This plan really takes no more self-discipline than you have to muster to make your loan payments.

By Karen Datko Jun 3, 2010 8:41AM

This guest post comes from "vh" at Funny about Money.


The other day while a friend and I were chatting, the subject of buying cars came up. When I mentioned that I pay for my cars in cash, he expressed some awe: The very idea of not having to make car payments was so far outside his ken it might as well have come from Mars.

"Who can pay for a car in cash?" he wondered.


You can. I can. Anyone can.


You may not be able to pay for your present car in cash, but you can pay cash for the next one. Here's the strategy:


Take the term of your present loan and multiply the number of years by two. Let's say you have a five-year loan. Five times two is 10 years. That's how long you're going to keep the car you're paying on. Fortunately, most cars are now built to last that long, if you take halfway decent care of them -- so, plan to change the oil and stick to the manufacturer's maintenance schedule.


OK. So you make your monthly car loan payments faithfully, as you agreed to do when you bought the chariot. In five years, the car is paid off.


Let's say you've been paying $450 a month toward the loan.


You know, if you can afford to pay $450 a month to a lender, you can afford to pay yourself $450 a month. Right?


So, for the next five years, the remainder of the time you've scheduled to drive your now paid-for clunk, what you're going to do is arrange an automatic transfer of $450 a month into savings.


In five years, when your car is 10 years old, you'll have $27,000 sitting in your automobile-purchase savings account. Your car will have some resale or trade-in value -- my 10-year-old Sienna, for example, is worth about $5,000. Let's say yours is comparable: You now have 32 grand with which to buy a new vehicle.

When you do buy the new car, even though you're paying in cash, figure out what monthly payments would cost if you financed the thing. Take that amount -- the new theoretical payment -- and put that amount aside over the length of the theoretical loan. In three or five years, once again you'll have all you need to buy a new car. Now you can purchase new or new-to-you cars more often. If you decide to drive a car for its entire 10- to 15-year lifetime, you'll have a period in which you need not deduct anything for the future vehicle from your pay.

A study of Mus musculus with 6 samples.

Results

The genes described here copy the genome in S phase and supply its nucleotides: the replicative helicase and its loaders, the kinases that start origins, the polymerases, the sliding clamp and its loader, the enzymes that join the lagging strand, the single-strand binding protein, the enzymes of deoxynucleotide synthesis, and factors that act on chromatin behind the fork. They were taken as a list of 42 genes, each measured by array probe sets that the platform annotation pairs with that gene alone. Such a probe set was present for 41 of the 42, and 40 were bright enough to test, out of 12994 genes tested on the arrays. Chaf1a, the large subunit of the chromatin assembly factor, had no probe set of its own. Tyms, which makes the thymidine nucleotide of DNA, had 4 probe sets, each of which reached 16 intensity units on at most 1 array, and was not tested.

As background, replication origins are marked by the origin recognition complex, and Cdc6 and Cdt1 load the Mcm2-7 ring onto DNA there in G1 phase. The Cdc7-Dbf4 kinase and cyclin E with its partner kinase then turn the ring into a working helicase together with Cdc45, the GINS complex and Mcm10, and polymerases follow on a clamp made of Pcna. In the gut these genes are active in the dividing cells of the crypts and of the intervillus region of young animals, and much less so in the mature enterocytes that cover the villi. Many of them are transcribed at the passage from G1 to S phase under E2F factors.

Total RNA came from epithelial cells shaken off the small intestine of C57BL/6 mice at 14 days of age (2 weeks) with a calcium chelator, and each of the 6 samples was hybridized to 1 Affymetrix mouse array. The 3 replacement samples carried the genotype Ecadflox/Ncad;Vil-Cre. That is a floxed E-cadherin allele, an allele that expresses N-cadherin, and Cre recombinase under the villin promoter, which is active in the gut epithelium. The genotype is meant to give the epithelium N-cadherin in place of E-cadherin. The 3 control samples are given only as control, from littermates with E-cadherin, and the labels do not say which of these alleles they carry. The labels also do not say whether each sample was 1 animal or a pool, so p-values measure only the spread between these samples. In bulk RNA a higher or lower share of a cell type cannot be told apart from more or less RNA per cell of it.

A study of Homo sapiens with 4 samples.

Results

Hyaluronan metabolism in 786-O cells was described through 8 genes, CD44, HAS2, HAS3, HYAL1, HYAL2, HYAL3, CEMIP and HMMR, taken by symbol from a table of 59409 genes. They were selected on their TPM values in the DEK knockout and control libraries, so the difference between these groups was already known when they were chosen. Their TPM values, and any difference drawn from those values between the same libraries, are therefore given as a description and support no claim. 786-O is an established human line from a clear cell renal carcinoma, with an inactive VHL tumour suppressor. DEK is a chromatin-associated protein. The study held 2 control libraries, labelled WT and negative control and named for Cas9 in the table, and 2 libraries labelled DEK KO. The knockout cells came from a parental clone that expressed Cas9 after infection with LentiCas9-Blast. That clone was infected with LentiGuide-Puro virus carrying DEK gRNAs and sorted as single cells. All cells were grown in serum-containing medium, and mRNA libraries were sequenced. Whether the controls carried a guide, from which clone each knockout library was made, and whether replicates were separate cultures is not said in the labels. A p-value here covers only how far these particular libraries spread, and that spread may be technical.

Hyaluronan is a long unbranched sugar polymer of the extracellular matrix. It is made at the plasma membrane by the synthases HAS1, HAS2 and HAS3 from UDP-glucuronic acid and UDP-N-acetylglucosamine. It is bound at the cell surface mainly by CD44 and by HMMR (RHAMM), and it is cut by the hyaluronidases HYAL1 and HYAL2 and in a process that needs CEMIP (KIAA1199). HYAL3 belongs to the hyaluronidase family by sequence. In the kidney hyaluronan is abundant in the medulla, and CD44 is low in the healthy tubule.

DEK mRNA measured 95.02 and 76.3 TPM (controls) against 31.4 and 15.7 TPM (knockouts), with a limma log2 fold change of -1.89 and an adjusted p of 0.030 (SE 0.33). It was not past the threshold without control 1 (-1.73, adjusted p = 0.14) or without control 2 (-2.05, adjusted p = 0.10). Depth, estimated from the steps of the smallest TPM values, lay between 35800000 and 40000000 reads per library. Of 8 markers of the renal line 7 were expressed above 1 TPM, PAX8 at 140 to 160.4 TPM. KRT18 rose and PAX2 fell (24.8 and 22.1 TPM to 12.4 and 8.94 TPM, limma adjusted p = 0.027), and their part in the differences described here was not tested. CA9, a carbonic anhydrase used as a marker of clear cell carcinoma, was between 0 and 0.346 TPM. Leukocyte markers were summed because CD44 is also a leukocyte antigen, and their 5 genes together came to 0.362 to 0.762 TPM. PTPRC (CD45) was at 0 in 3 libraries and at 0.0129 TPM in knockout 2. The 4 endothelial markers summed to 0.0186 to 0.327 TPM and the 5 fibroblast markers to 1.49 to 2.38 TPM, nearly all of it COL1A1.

And you'll never be saddled with a car loan again.


What if you're already a couple of years into a five-year loan? What does the math look like then?


It should be about the same: You're going to keep the car for 10 years. After the loan is paid off, you'll just keep on making those payments, only to yourself instead of to some lender.


What if you pay off the loan early? Bully for you: You can either buy another car sooner, or you can keep the car until it falls apart like the minister's one-hoss shay. The second strategy will give you a longer period either to save up more money for a fancier ride or to float without having to take the car payment money out of your income.


My first post-divorce car was bought on time. Being averse to loan payments, I paid off the loan as fast as I could. Because a substantial part of a car payment can be interest (less so these days, but when the economy was strong lenders soaked a fair amount of interest out of car buyers), paying toward principal accelerates the payoff date. By paying a little extra toward principal each month and then taking every windfall (tax refunds, credit card rebates, yard sale proceeds, whatever comes your way) and throwing it into the principal, too, I paid off a five-year note in 18 months.

Then I started paying myself. I didn't keep the money in my bank accounts, because it would be too easily accessible there -- too tempting. Instead, I banked it in a Vanguard short-term corporate bond fund, which I was less likely to raid for indulgences or emergencies. This rather stodgy fund was safe enough, and it earned more than a bank savings account would have paid. Today, I'd put it in a money market fund instead, because a withdrawal from the money market is not a taxable event.


If you know you're going to withdraw $25,000 or $30,000 in one fell swoop, it's best to minimize taxes when that happens.


This plan really takes no more self-discipline than you have to muster to make your loan payments. It takes some time, but once you've got the loop going, you'll never have to pony up a chunk of your paycheck to a car lender again.